It’s always fun when our people come to the Capitol. And yesterday they came by the busload to celebrate National School Choice Week; to celebrate education and the idea that every child deserves the right to find their perfect educational fit, be that public school, private school or homeschool; to celebrate the idea that parents and children together are capable of choosing an educational setting that best fits their child; and to dispel forever the notion that a one-size-fits all education system is still a good idea in the 21st Century.
School choice is an idea whose time has come. It’s a tsunami sweeping the nation, and unfortunately, Montana’s on the lagging edge of the wave. States began implementing school choice about 40 years ago. Some states, like Arizona and Florida, are far down this road. And their students are reaping the benefits. It’s time for Montana to do so, as well.
We began this effort over nine years ago with a tax credit scholarship bill. It was an uphill battle, and opponents of school choice pulled out all the stops. That first bill died on the Senate floor, but it was a start. By the next session, we had six school choice bills, all carried by powerful members of the legislature, bills to establish charter schools and tuition tax credits and tax credit scholarships and education savings accounts, all in an effort to provide a wide array of options for students and their parents. Bills passed out of committee, passed on floor votes and moved between the House and Senate. Momentum was building, and 2013 was a sea change. For the first time in Montana history, we placed a school choice bill on the governor’s desk. Unfortunately, he vetoed it. But the handwriting was on the wall. Montana would eventually join 46 other states in implementing school choice.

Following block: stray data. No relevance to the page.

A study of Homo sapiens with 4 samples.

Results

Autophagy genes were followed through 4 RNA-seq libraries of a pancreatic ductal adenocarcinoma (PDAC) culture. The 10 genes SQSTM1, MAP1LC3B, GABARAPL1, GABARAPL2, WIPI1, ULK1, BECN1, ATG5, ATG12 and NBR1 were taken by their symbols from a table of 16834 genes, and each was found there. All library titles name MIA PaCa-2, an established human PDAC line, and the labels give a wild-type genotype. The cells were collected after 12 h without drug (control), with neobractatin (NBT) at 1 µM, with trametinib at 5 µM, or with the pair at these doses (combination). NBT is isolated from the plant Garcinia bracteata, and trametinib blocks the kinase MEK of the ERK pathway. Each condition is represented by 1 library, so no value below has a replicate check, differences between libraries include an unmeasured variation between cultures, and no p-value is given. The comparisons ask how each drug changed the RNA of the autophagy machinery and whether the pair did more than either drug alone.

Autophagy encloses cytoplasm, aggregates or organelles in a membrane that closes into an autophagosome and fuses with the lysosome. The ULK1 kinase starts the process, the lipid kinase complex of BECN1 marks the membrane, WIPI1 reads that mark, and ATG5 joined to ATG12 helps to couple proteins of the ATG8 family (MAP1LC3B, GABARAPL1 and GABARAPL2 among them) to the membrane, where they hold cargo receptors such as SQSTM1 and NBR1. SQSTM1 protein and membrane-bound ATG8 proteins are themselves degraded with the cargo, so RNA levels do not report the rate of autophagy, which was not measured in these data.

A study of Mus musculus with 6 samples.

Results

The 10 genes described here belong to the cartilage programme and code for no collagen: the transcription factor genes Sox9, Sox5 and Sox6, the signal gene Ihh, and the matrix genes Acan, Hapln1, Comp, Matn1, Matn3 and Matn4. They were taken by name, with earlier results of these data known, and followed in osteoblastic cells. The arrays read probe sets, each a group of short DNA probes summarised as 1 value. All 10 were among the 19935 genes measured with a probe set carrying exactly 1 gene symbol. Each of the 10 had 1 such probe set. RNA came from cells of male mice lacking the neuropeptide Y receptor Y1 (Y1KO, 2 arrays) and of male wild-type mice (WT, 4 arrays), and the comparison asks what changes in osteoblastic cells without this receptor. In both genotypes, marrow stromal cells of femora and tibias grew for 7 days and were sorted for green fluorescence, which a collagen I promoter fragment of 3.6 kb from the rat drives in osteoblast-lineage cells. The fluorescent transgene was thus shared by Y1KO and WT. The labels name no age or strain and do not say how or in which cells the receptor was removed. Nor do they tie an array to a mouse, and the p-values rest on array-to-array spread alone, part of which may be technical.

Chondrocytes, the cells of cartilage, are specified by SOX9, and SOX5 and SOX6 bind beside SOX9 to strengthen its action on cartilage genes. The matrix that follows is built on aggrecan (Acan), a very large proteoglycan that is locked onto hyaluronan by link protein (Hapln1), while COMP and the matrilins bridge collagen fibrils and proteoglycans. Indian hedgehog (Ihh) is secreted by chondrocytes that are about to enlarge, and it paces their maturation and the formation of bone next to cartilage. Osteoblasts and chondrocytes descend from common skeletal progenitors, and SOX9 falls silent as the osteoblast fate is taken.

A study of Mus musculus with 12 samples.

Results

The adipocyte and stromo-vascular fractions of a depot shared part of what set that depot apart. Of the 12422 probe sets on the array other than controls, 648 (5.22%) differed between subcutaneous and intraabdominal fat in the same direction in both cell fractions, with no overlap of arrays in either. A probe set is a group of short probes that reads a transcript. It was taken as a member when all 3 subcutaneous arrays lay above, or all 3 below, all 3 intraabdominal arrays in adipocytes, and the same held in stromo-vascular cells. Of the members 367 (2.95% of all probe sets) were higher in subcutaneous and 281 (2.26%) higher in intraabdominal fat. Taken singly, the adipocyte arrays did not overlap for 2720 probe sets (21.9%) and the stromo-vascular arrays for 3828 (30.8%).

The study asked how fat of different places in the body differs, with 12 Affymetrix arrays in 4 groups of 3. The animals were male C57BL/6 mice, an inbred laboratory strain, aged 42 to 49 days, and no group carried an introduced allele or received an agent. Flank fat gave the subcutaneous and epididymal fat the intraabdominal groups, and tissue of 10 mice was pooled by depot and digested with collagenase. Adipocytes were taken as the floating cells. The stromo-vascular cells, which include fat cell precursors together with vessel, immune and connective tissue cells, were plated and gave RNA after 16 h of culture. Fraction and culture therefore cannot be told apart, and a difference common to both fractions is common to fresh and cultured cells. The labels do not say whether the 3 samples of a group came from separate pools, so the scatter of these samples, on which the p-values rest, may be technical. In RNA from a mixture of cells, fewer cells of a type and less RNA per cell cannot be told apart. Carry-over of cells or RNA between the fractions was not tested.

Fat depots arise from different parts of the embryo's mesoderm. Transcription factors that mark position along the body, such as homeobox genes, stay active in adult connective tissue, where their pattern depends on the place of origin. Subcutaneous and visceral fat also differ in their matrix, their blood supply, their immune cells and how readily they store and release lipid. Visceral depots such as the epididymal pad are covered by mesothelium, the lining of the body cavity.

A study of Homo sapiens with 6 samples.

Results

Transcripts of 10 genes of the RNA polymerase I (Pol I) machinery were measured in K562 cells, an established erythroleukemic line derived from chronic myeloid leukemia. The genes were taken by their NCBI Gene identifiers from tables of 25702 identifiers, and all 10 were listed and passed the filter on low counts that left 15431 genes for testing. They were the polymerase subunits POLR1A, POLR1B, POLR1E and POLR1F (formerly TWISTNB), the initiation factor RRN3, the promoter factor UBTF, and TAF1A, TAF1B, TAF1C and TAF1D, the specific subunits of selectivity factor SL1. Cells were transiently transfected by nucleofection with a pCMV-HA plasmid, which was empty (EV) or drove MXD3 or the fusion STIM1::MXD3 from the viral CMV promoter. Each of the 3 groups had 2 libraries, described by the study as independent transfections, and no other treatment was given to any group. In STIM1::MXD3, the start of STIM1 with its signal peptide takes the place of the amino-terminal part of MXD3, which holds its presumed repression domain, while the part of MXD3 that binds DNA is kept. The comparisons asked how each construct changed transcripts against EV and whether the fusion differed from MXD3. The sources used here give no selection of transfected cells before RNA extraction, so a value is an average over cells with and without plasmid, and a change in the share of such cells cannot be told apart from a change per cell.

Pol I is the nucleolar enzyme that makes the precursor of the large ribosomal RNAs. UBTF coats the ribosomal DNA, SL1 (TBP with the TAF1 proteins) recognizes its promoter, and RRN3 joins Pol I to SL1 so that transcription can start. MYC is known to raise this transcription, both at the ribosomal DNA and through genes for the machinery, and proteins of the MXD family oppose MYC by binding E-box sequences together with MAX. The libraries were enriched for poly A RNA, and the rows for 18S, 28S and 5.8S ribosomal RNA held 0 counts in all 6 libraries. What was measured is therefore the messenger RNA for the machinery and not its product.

And in 2015, it finally happened. Senate Bill 410 was allowed to become law without the governor’s signature. It was a tax credit scholarship bill, and our opponents planned to kill it in court. The State Department of Revenue said that it would not apply to private religious schools, so lawsuits were filed, at both the state and federal levels. This exact same case has already been litigated in Arizona, and went clear to the U.S. Supreme Court, where we won. We’ll win here, too, and when we do, school choice will become a permanent piece of the educational fabric of the State of Montana.
Every year, roughly 1,500 students drop out of Montana Public Schools. In the nine years since we began this effort, over 14,000 students have failed to graduate. What about them? How would their lives be different if they had graduated? Would school choice have made a difference? Possibly. It works in other states, and it can work here, too. That’s why this movement is gaining momentum.
Yesterday’s rally saw 350 people on the front steps of the Capitol, all wearing bright yellow scarves emblazoned with “National School Choice Week.” It was just one of 21,000 similar events held across the U.S. Attendees braved the cold to hear speeches by the Speaker of the House, Americans for Prosperity, ACE Scholarships and the Montana Family Foundation. They also heard letters from U.S. Senator Steve Daines and Superintendent of Public Instruction, Elsie Arntzen. It was all-hands-on-deck for kids, and you can see the pictures on our website at montanafamily.org.